The day before the preseason starter is essentially the calm before storm that comes before the real calm before the storm (where’s my Pulitzer?)
Preseason games are a necessary evil, but there are only four of them – so let’s get through this together. I know we can do it.
- Chris Burke of SI.com brings a big picture perspective on the Bears after his recent visit to Bourbonnais. One of his major takeaways is that the defense will ultimately determine how good this team will be. Yes, there has been a major focus on what’s happening at quarterback and throughout the offense – and rightfully so (getting the QB situation settled (and most importantly, correct) is a high priority) – but the Bears’ defense will carry quite the load.
- The front seven has the potential to be great, but won’t be able to reach its ceiling if its key members aren’t on the field. The secondary is improved after an offseason in which the team added three new starters, but each of those players comes with questions that need to be answered. Defensive coordinator Vic Fangio definitely has his work cut out for him, but at least he has a talented group to work with.
- Over at CBS Sports, Sean Wagner-McGough writes that the Bears’ defense is nearly at a point where it is ready to take down Aaron Rodgers. While I’m not quite there just yet, there is no doubt GM Ryan Pace has built his team with the idea of toppling the mighty Green Bay Packers – starting with their quarterback. While there has been a focus on how the offensive line was built into a projected top-5 unit, Wagner-McGough notes that Pace has assembled what could be a potentially menacing front seven that features five players acquired since 2015. As we alluded to earlier, health will dictate how well this unit performs. If it stays healthy, it could have a fighting chance – and it all starts up front.
- As a reminder, not everyone is as high on the Bears’ front seven as Wagner-McGough or even Burke. Pro Football Focus ranked the Bears’ front seven in the bottom third of the league coming into the season. That’s quite a disparity in perspective, but the only way we’ll find out which analysis is more accurate will be to watch how it all unfolds on the field.
- Mitch Trubisky and the rest of the Bears’ rookie class will make their NFL debuts on Thursday, and while this team is loaded with youth, there are enough veterans who can be looked to for sage advice. Patrick Finley of the Chicago Sun-Times caught up with some of the team’s more experienced players who shared memories of their first games and even some advice on how to handle the moment. How Trubisky responds to his first snaps as a pro will be worth watching, no matter when he gets into the game.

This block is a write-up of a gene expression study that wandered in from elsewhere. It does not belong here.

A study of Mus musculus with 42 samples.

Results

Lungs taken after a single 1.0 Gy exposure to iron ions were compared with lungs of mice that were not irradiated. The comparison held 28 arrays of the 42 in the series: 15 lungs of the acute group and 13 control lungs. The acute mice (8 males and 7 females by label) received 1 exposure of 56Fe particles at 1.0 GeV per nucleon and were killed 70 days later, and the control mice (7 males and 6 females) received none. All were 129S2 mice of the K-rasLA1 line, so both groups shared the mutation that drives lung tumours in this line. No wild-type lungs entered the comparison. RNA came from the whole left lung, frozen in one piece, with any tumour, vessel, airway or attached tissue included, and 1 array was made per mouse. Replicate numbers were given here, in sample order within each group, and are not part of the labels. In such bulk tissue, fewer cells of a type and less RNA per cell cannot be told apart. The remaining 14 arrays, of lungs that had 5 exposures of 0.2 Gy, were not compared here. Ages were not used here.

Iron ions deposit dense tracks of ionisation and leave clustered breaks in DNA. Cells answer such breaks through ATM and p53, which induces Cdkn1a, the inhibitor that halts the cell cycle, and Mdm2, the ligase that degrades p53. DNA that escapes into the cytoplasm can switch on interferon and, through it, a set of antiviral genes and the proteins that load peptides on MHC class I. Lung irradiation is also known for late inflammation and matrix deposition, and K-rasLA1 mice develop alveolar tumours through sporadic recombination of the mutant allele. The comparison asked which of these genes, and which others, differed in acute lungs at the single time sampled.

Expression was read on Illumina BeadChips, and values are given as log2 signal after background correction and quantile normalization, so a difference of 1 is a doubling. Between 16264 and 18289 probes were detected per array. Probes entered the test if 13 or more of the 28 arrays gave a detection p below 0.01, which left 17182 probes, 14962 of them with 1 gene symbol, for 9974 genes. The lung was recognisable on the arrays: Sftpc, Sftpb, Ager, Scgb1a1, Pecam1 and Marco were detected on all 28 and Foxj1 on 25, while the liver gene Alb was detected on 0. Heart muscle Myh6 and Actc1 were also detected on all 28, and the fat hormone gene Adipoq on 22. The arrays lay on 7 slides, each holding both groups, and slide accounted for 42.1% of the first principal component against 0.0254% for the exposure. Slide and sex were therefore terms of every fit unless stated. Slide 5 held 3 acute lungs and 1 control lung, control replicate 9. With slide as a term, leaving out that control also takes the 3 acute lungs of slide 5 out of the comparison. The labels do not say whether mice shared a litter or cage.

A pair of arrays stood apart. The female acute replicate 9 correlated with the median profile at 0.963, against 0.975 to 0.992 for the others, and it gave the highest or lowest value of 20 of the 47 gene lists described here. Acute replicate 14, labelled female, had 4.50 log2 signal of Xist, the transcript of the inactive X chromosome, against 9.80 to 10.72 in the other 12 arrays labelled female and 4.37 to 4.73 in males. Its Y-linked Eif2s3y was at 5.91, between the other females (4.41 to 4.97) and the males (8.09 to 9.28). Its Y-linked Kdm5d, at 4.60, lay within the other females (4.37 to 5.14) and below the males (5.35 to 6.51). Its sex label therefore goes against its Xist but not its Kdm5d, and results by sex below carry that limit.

- Trubisky, tight end Adam Shaheen, and running back Tarik Cohen are among the rookies who will receive the most attention as they make their pro debuts, but there are some late-round picks and undrafted free agents who shouldn’t be overlooked tomorrow. Adam Hoge’s annual look at how the Bears’ draft class has fared at Bourbonnais mentions a name that has hovered under the radar. Offensive lineman Jordan Morgan, a fifth-round pick from Division II Kutztown University who is making the transition from being a four-year starter at tackle to life as a guard in the NFL. His development will likely be followed more closely now that versatile offensive line swingman Eric Kush is out for the season.
- Hoge also notes the performance of undrafted free agent wide receiver Tanner Gentry, who has become a training camp superstar with his flair for down-the-field catches as he aims to make the cut and avoid being mentioned with the likes of Dane Sanzenbacher and Daniel Braverman.
- If you thought the Bears’ wide receivers room was an unsettled mess, you haven’t seen anything until you’ve checked out the New York Jets. A year ago at this time, the Jets were flying high coming off a 10-6 season in which they narrowly missed the playoffs. Part of the team’s optimism was tied to having a pair of 1,000-yard receivers in Brandon Marshall and Eric Decker. Fast forward to 2017 and neither is with the team, and our old friend Josh McCown is throwing to one of the most inexperienced groups of pass catchers in the league. At least McCown will recognize a familiar face in Marquess Wilson, who signed with the Jets in the offseason after spending the last four seasons with the Bears.
- Devonta Freeman is now the highest-paid running back in the league. The Atlanta Falcons and the two-time Pro Bowl running back agreed to a five-year extension that pays out $17.3 million in fully guaranteed money and as much as $41.25 million over the life of the contract. Freeman has posted back-to-back 1,000-yard rushing seasons, gaining 2,135 yards and scoring 22 touchdowns in 31 games since the start of the 2015 season. The Bears will get a good look at Freeman in Week 1 when the defending NFC champions travel to Soldier Field for the season opener.